FOBIF has had another go at finding out what if anything the Government intends to do about the Royal Commission Monitor’s suggestion that the five per cent target be revised. The letter we received from DSE Director of Fire, Lee Miezis, failed to answer our question on this.
We’ve also asked Mr Miezis to give us examples to back up his claim that the Monitoring program Hawkeye is ‘guiding approaches to planned burning.’ Though we believe that local DSE fire managers are trying to tighten up their practices, we haven’t seen any evidence on the ground of a guiding research principle.
According to DSE”s 2011 publication ‘Fire ecology program achievements 2009-11’, Hawkeye is a ‘long-term biodiversity monitoring project’ established in 2010 ‘to inform the way [DSE] conducts planned burning and guide how we balance the dual objectives of fire safety and biodiversity protection.’ The project began field operations in 2011. Hawkeye might be a very good project: we think it could be. But to claim that it is already ‘guiding’ DSE approaches to planned burning –one year into a long term project!–is testing our goodwill.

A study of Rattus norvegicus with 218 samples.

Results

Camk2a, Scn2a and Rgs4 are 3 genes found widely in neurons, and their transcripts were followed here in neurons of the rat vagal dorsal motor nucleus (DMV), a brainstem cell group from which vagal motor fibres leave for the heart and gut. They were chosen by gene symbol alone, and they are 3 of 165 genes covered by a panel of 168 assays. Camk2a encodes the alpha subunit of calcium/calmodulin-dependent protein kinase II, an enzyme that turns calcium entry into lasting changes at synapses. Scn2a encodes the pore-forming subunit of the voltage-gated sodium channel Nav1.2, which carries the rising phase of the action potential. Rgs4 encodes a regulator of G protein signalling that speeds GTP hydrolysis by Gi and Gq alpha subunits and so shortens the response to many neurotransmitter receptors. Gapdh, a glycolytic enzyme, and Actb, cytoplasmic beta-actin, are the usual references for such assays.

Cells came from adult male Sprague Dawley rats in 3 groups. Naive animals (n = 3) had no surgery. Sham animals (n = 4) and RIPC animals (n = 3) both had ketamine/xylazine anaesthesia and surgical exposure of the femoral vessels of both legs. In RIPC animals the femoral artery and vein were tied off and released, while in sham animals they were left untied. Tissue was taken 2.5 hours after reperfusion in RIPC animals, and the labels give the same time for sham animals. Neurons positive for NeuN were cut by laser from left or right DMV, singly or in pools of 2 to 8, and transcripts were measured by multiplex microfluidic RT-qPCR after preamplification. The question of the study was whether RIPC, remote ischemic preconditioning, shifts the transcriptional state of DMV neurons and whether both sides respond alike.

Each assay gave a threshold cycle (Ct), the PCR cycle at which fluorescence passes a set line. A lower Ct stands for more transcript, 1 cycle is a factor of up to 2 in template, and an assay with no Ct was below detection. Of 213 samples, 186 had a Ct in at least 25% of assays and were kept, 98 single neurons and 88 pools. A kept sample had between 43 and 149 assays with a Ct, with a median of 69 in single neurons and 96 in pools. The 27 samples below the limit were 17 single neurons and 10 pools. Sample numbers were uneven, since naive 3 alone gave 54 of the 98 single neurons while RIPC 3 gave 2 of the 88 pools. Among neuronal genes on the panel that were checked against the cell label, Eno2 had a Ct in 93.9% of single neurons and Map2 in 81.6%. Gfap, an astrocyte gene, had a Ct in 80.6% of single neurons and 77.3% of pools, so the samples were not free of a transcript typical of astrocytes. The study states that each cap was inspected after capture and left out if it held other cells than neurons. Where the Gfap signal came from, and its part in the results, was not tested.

It should be remembered that DSE and its predecessors have been producing Codes of Practice, Strategic Directions and Guidelines and Procedures on fire management for many years. The oldest one we have is the 1995 code, which stipulates that fire management practices must ‘be appropriate for maintaining the vigour and diversity’ of our native flora and fauna; that they must protect water quality by minimising impact on streams; that they must prevent ‘inappropriate destruction’ of soil; that the possible introduction of pest plants and animals be avoided; and that burns should be monitored when specialist officers recommend.
The claim that burning is being guided by a program that’s one year old seems to be an admission that the requirements of numerous Codes of Practice over the years have been widely ignored.